Things You'll Need
Don’t feed your goats grain mixes formulated for sheep. Such grain mixes don’t contain enough copper for goats.
Choose a goat native to the area where you’re living. Native goats will be more resistant to native parasites and diseases, which means they may produce more milk. Feed goats in separate stalls to make sure they each get their share of food.
Female goats are known as "does" or "nannies." Good milk production in nanny goats is dependent on the food she receives while producing milk, the care she receives during her dry period, how clean her living quarters are and whether or not she’s infected with parasites or not. The two most important factors are the quality of the hay and the grain mix.
Feed your nanny goat quality hay from legumes. Good hay provides 15-to-20 percent protein. Alfalfa is the best legume hay, because it contains more protein than other hays. Other good legumes include alyce clover and perennial peanut.
Feed your goat 2-to-3 lb. of grain every day. Some farmers allow 1/2 pound of grain for every 1 qt. of milk the doe produces. The contents of the mix can vary, but may contain corn, oats and soybean meal, with added vitamins and minerals. It should provide 14-to-20 percent protein.
Include fiber in your goat’s diet. Good fiber encourages goats to chew, and stimulates rumination. When goats don’t chew enough, the content of their milk fat decreases. Good sources of fiber for milk goats are sunflower and cotton seeds.
Deworm your nanny goats a few days before putting them in the pasture in the spring. Deworm them again several weeks later. Another good time to deworm goats is after a hard frost in the fall. Identify parasites with a fecal examination, performed by the vet, and treat with a product appropriate for that parasite.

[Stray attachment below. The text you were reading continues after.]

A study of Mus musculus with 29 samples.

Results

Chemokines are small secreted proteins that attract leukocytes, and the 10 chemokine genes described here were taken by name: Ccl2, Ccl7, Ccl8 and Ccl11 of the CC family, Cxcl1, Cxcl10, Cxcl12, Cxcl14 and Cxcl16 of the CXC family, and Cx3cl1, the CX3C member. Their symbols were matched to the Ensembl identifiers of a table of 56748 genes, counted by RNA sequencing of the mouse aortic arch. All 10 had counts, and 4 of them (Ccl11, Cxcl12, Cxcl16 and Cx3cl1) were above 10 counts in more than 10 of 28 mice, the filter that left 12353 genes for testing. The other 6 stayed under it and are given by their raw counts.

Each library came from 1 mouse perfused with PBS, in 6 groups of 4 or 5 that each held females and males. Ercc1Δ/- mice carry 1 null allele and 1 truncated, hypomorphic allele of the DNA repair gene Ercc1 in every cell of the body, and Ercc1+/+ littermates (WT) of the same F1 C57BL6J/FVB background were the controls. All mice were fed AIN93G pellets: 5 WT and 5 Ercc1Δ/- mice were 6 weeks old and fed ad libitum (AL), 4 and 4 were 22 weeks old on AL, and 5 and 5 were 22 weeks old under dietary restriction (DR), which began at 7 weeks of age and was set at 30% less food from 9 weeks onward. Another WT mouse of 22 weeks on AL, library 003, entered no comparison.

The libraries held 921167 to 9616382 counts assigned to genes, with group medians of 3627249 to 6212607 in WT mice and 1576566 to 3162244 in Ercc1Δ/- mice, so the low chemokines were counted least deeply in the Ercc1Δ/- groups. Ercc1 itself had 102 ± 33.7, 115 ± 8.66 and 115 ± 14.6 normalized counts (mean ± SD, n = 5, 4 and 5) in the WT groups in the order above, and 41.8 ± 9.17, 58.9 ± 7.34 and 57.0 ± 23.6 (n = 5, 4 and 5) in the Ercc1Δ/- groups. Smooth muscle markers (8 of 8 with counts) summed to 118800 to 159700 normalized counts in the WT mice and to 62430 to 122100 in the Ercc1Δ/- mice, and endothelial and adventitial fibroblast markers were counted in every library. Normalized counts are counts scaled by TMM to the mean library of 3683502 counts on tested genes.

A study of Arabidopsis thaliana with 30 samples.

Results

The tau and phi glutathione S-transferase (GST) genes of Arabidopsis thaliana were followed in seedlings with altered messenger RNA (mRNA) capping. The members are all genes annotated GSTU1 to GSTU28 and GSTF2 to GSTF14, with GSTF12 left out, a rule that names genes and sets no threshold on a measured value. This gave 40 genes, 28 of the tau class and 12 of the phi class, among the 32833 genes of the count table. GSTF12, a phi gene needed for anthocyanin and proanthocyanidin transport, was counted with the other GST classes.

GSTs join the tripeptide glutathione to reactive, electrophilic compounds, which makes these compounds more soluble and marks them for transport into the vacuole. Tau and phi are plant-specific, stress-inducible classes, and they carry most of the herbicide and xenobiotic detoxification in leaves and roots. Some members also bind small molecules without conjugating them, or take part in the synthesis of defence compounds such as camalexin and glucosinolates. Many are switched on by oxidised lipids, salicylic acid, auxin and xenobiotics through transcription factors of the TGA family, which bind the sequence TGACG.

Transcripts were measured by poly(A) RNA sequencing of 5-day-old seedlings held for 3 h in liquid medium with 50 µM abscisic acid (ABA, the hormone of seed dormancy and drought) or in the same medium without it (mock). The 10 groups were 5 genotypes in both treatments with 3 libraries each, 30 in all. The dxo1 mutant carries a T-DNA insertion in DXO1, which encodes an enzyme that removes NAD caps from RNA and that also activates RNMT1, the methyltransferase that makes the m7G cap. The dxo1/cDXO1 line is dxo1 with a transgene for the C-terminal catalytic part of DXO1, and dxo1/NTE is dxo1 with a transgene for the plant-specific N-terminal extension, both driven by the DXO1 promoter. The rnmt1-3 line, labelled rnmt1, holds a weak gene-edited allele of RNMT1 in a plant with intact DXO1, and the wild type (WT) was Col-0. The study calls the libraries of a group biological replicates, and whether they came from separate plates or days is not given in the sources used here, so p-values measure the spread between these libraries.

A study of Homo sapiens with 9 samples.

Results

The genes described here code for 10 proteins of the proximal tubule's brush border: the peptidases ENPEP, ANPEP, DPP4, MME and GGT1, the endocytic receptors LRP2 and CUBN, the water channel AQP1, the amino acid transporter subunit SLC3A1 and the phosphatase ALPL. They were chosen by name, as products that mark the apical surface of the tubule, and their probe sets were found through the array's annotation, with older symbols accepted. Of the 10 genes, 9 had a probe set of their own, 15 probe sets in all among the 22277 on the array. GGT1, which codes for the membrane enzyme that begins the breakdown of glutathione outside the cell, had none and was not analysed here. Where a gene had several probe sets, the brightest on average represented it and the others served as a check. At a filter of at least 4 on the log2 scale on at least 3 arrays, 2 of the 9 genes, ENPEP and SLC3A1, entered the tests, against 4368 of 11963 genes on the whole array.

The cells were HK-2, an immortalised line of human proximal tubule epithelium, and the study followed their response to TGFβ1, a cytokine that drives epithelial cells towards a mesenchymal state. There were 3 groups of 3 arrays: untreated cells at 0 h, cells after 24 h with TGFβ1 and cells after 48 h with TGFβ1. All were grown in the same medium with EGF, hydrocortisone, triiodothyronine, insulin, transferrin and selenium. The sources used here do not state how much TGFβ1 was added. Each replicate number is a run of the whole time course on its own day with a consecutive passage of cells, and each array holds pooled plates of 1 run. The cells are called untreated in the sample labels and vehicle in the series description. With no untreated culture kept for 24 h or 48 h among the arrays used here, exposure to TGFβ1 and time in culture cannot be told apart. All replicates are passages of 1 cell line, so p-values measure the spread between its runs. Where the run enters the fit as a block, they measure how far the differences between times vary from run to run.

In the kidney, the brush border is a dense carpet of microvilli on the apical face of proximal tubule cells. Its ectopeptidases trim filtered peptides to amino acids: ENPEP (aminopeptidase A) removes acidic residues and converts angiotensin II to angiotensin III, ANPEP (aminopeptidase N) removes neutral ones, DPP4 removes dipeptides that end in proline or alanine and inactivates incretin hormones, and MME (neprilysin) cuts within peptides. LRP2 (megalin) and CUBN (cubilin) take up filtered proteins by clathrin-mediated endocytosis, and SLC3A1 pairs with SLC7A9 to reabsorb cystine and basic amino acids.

Control worms and other parasites by moving your nanny goats around between pastures. Don’t allow them to graze too close to the ground, because there are more parasites close to the ground. Crops should be grazed from 2-to-10 inches, depending on the crop. Your county extension agent will have information about specific crops.
Keep your nanny goat’s stall clean. Don’t allow her to stand in feces.
Provide your nanny goat with a “dry period” every year. The dry period should coincide with the period when she is bred, and should last about two months. High milk producers need a longer dry period in order to replenish nutrients lost during milk production. When your doe starts producing milk again, she might only produce 65- to-75 percent as much milk as before.
Reduce or totally eliminate grain consumption during the dry period. Substitute quality grass-hay for her legume hay. Provide her with a mineral mixture that includes calcium, phosphorus and salt, with other trace minerals and vitamins.
Resume feeding your doe quality hay during the last month of her gestation.
- Living the Country Life: Raising Dairy Goats For Your Family’s Milk Supply
- Penn State Cooperative Extension: Goat Parasites
- Goat Connection: Feeding Goats for Improved Milk and Meat Production
- National Sustainable Agriculture Information Service: Dairy Goats – Sustainable Production
- Agricultural Alternatives: Dairy Goat Production, p. 3
- Choose a goat native to the area where you're living. Native goats will be more resistant to native parasites and diseases, which means they may produce more milk. Feed goats in separate stalls to make sure they each get their share of food.
- Don't feed your goats grain mixes formulated for sheep. Such grain mixes don't contain enough copper for goats.
goat on the farm image by Ivonne Wierink from Fotolia.com
Lani Thompson began writing in 1987 as a journalist for the "Pequawket Valley News." In 1993 she became managing editor of the "Independent Observer" in East Stoneham, Maine. Thompson also developed and produced the "Clan Thompson Celiac Pocketguides" for people with celiac disease. She attended the University of New Hampshire.